A kinder, courteous Howard

At least 17 Howard County organizations and government agencies have agreed people can use more politeness in their home, work and community lives.

A new, multiyear project called Choose Civility is pulling numerous local efforts together under one umbrella. Activities include getting book groups to talk about civility at their meetings, telling students to treat each other respectfully in school, helping transit riders remember to be kinder to drivers and encouraging motorists to be more polite to each other.


As Choose Civility's leaders have sought groups to participate, "there hasn't been a single person who has said, 'Oh, we don't need that,' " said Stacie Irish, executive director of Leadership Howard County. "I can't imagine there are people who haven't experienced at some point in time ... people not treating each other nicely."

The project will kick off Thursday morning with a lecture at Howard Community College by P.M. Forni, a Johns Hopkins University professor and director of the institution's Civility Initiative.


Forni will share insights from his research and his book Choosing Civility: The Twenty-Five Rules of Considerate Conduct. Those who attend also will be able to take part in one of four roundtable discussions.

Forni and his book were the inspiration for the Choose Civility project, according to Irish. She said she had seen several articles about the rising interest in civility and was considering asking Forni to speak to the community on the topic when she discovered that the Howard County Public Library was already having Forni give a presentation to its staff.

The two groups joined forces with Howard Community College, which hosts a regular speaker series, to arrange Forni's appearance in front of a broader audience.

The idea took hold and grew from there, said Natalie Weikart, the library's head of adult educational and cultural programs. The library has agreed to be the lead organization for the project's first year.

After considering ways to apply Forni's rules for civil behavior to departments throughout the library system, Weikart said, "We began to think: Why don't we invite the whole community to talk about civility? In this terrific county, why couldn't we also be the most respectful of one another?"

The library has purchased 1,500 of copies of Forni's book, many of which will be given to local groups and community leaders - including the Board of Education and school principals - with help from a grant from the Horizon Foundation. Other copies will be available for checkout.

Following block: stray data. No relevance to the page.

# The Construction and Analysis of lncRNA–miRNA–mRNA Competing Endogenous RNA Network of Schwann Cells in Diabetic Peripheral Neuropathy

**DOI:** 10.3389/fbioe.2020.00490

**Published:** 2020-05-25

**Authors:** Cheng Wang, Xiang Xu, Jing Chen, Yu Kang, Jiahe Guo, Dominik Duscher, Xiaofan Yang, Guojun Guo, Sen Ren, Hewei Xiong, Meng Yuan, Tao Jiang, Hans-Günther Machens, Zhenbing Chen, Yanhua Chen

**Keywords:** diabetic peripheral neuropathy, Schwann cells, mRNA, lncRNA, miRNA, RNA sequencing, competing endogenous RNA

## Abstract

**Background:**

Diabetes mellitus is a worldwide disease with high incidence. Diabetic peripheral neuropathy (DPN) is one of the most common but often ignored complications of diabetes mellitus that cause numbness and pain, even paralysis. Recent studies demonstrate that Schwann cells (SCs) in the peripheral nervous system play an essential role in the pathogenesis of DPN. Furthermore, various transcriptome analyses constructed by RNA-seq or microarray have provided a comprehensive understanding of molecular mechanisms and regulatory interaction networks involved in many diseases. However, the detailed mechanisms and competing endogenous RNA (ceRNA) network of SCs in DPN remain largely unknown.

Copies also will be made available to book discussion groups, including those organized by the library and those that operate on their own. Weikart said the library will encourage groups to devote at least one meeting to a discussion of civility in their lives and communities.

As the organizers sought more partners, many groups, including the Police Department, the Department of Recreation and Parks and Howard Transit discovered that they had a current or planned project that fit with Choose Civility's goals of enhancing respect, empathy, consideration and tolerance.


Many of the specific campaigns still are being developed, but monthly meetings help participants share ideas and reach each other's members. More partners are welcome to join.

Projects and events will be added to the project's Web site at as they develop.

The Howard County school system, for example, instituted a civility policy last year and has a safe-schools initiative.

Mary Schiller, manager of the school system's partnerships office, said elements of those initiatives, such as a poster contest focusing on the theme of being a responsible bystander and the system's annual sportsmanship award, could be highlighted through the broader project.

She also said it is helpful to have groups throughout the county sharing the civility experience.

"I do think the reinforcement definitely helps," she said. "Everyone will be kind of operating under the same understanding. ... It's interesting to hear the different initiatives the other partners are doing as well."


Irish said she hopes activities in many different venues will help the project reach a wide group of people, not just those who are motivated to attend the opening lecture Thursday.

"If children are hearing it at school, people at the library hear about it, someone happens to be in a business that is incorporating it ... you're getting multiple touches," she said.

A lot of the rules for acting civilly are ones that people know, Schiller said, "but once you get going at a fast pace, you sometimes don't think about it or take it into consideration."

The Choose Civility event with P.M. Forni begins with registration at 7:30 a.m. Thursday. The cost is $20; participants are encouraged to register online at Information: 410-730-4474.